Controversial technologies intended to offset the effects of atmospheric carbon should be banned until properly assessed, a group of politicians and scientists have warned, even as they urged developed nations to lead in cutting CO2 emissions.

A report by the Climate Overshoot Commission, chaired by former WTO boss Pascal Lamy and formed in 2022, said it was increasingly likely the world would exceed the target to keep temperature rises within 1.5 degrees Celsius above preindustrial levels.

It said richer countries needed to take the initiative to cut CO2 emissions and mobilize finance for poorer countries to adapt. Carbon removal technologies that minimize the risks of CO2 leaking back into the atmosphere should be promoted, the report said.

But potentially dangerous experimental geoengineering methods — including controversial "solar radiation modification" — need to be halted until they have been researched thoroughly, the report said.

"Countries should adopt a moratorium on the deployment of solar radiation modification and large-scale outdoor experiments that would carry risk of significant transboundary harm," it said.

Solar radiation modification refers to a range of proposed technologies designed to reflect sunlight away from the earth, including the direct injection of sulphates into the atmosphere. Last year, 60 scientists launched a global initiative aimed at banning all kinds of solar geoengineering.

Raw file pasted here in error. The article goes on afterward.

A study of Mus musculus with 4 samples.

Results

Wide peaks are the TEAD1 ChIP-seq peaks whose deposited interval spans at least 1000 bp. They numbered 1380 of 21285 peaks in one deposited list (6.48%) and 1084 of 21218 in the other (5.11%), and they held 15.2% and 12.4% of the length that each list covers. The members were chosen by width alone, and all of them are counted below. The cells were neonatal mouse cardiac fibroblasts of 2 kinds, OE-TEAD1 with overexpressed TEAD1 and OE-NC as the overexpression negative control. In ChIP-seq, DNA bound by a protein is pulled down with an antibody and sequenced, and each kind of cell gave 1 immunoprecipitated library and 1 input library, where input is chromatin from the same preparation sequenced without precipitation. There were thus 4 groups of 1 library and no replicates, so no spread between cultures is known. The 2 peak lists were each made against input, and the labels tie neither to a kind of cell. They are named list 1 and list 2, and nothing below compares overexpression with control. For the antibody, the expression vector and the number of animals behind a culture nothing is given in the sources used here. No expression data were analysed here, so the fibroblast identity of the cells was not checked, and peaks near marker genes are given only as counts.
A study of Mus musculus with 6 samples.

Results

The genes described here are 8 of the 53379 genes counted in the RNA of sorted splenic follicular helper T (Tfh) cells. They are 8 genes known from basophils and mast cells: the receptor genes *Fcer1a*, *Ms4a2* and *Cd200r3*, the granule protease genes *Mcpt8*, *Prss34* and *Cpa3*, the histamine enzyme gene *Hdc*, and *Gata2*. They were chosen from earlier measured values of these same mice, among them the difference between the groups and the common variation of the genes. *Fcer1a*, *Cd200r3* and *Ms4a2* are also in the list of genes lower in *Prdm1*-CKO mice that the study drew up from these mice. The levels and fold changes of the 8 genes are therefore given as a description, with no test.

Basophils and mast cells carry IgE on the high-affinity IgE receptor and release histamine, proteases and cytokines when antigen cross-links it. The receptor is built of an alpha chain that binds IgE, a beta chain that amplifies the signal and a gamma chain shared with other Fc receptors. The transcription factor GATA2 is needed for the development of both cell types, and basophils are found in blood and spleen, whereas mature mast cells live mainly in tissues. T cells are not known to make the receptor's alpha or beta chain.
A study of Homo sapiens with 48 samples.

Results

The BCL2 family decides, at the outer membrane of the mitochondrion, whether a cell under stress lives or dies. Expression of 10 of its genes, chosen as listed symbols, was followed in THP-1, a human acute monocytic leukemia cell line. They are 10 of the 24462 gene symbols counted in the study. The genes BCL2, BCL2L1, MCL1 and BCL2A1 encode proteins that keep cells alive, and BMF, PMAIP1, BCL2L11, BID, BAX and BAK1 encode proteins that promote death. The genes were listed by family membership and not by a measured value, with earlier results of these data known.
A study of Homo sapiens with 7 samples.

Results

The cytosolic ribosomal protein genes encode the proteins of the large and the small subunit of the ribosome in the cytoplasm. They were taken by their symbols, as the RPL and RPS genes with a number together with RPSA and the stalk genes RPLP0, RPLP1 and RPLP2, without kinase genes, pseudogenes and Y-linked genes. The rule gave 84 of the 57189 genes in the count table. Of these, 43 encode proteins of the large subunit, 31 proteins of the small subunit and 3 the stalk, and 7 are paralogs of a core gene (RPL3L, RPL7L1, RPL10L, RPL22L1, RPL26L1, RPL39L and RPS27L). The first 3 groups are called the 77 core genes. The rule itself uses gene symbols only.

"The world does not yet know enough to make informed decisions about solar radiation modification," the report said, adding that routine international reviews should take place to assess the potential risks.

"Early scientific evidence suggests that solar radiation modification could reduce some climate risks but would also introduce significant new risks," it said.

The report said slashing emissions should be a priority but will not be enough on its own and efforts need to be made to adapt to global warming, and deploy technologies to remove CO2 and "create space for the least industrialized countries to pursue their clean and sustainable energy transitions while fighting poverty and fulfilling their development imperatives."

The Climate Overshoot Commission also includes senior politicians from Canada, India, Pakistan, Spain and China.